If you've ever wondered if Superman really could fly, UC Irvine physics professor Michael Dennin has the free online course for you. (Full disclosure: That is NOT Dr. Michael Dennin shown here.)
"Science from Superheroes to Global Warming," which is available here, mirrors the curriculum of UCI's Department of Physics and Astronomy undergraduate course and freshman seminar developed by Dennin, a leading researcher in the area of non-equilibrium dynamics.
The online description: "Students will learn to define scientific terms, evaluate the use of numbers in an argument, explain simple functions and algebraic expressions, assess whether arguments follow the scientific method, prove a qualitative analysis of a physical situation in terms of fundamental scientific principles, identify if a particular question can be answered by scientific methods, as well as design and execute a 'simple' scientific experiment."
Simple, like turning me into a giant green hulking monster when the girls mock my thunder thighs at the gym? Apparently.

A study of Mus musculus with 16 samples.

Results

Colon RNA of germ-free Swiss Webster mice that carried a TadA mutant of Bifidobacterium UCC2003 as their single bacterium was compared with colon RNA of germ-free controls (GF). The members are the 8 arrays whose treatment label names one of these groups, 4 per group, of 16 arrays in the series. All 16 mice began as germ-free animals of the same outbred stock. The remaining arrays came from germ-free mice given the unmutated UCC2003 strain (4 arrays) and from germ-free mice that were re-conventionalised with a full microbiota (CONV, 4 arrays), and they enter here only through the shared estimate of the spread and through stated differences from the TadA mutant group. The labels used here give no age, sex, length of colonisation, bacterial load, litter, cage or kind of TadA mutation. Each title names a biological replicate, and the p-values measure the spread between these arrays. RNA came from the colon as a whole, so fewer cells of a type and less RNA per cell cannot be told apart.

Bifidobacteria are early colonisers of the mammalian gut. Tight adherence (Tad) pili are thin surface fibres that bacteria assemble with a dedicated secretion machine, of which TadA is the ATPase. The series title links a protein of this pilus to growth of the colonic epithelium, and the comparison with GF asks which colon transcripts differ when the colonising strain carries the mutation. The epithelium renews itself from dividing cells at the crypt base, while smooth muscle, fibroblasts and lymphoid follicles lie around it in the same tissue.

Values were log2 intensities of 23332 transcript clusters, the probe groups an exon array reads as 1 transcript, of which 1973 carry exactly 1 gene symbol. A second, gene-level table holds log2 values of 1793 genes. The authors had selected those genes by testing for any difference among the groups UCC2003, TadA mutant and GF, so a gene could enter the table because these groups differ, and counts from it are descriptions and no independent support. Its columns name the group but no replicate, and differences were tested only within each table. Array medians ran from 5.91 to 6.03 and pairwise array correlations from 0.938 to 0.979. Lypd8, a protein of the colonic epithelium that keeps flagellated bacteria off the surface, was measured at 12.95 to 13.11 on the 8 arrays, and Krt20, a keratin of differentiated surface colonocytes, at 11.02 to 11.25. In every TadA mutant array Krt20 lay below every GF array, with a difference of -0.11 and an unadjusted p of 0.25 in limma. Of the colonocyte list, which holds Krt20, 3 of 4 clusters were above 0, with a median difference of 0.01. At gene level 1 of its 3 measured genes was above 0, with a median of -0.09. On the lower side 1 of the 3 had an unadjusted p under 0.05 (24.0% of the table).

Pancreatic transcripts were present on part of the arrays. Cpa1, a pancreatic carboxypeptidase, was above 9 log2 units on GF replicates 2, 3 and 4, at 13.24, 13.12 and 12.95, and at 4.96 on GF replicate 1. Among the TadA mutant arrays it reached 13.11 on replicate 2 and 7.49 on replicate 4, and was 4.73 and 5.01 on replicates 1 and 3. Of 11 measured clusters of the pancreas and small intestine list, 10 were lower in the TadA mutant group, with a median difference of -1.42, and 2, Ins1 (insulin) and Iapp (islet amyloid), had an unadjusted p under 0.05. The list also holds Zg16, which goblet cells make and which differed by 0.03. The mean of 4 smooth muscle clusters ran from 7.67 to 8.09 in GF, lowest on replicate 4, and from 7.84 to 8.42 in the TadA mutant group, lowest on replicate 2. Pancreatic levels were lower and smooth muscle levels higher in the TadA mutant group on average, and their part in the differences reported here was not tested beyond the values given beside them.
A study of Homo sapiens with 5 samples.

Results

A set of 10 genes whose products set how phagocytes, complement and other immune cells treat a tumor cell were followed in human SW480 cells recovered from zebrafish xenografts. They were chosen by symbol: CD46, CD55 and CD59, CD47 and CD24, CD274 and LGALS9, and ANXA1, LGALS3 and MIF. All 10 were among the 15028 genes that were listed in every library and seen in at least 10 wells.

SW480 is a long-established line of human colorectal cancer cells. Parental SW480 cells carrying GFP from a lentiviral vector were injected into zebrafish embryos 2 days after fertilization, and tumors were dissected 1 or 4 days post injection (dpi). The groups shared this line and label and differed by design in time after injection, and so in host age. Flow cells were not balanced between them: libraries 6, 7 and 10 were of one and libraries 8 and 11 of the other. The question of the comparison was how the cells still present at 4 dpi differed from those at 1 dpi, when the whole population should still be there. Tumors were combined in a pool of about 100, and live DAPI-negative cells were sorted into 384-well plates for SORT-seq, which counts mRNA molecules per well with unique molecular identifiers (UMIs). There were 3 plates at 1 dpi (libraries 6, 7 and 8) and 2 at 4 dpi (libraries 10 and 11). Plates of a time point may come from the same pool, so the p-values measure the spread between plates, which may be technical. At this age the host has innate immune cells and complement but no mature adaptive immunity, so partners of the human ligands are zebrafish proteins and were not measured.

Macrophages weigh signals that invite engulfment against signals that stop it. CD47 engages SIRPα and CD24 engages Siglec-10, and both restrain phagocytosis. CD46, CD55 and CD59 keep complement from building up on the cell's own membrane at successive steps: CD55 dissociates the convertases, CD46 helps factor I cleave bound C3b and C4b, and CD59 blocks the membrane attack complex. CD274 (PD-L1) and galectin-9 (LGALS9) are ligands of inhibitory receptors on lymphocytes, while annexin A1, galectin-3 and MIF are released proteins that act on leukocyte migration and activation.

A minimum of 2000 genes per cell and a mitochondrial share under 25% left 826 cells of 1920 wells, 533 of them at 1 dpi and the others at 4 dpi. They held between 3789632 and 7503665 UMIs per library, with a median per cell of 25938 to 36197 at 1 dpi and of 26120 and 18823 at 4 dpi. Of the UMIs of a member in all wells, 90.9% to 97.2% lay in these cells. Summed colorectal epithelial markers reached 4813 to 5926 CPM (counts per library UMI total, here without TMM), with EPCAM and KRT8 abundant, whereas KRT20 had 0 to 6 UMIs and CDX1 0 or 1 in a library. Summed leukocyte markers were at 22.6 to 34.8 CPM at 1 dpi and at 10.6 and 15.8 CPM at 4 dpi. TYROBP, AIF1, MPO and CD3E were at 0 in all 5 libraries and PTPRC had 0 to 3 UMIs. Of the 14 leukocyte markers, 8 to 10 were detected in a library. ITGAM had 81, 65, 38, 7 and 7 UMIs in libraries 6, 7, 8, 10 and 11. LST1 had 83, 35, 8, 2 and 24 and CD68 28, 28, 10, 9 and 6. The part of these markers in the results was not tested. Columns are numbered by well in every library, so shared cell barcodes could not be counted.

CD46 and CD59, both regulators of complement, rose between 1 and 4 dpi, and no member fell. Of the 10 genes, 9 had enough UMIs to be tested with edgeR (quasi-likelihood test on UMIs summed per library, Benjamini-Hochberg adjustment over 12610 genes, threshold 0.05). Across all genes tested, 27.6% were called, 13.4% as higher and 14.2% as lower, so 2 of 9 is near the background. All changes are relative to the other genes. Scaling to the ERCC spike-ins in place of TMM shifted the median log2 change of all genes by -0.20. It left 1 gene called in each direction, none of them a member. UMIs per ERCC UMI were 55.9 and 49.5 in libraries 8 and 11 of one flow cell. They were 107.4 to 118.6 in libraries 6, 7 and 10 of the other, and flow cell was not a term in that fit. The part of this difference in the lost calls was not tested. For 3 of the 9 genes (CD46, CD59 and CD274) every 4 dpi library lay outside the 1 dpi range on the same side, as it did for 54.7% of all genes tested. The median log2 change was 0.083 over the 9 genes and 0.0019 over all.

If you like this story, consider signing up for our email newsletters.
SHOW ME HOW
You have successfully signed up for your selected newsletter(s) - please keep an eye on your mailbox, we're movin' in!
"The course features case studies drawn from a wide spectrum of people's experience, for example superheroes, movies, and real world issues such as global warming, to provide learners with the opportunity to develop a better appreciation for science and the scientific method," says Dennin, who is also promoting a new book he co-authored with John White, Science Appreciation: Introduction to Science Literacy.
Wonder if that will be made into a movie? By the way, for those who'd prefer to skip Dennin's coursework, there's always Chris Tolworthy's Superhero Science: The Official Truth.
UCI also announced a second new OpenCourseWare class, "White Collar Crime,' which looks at the perpetrators of medical, computer, consumer, environmental, financial and political crimes.
Yeah, like such villians exist in the real world.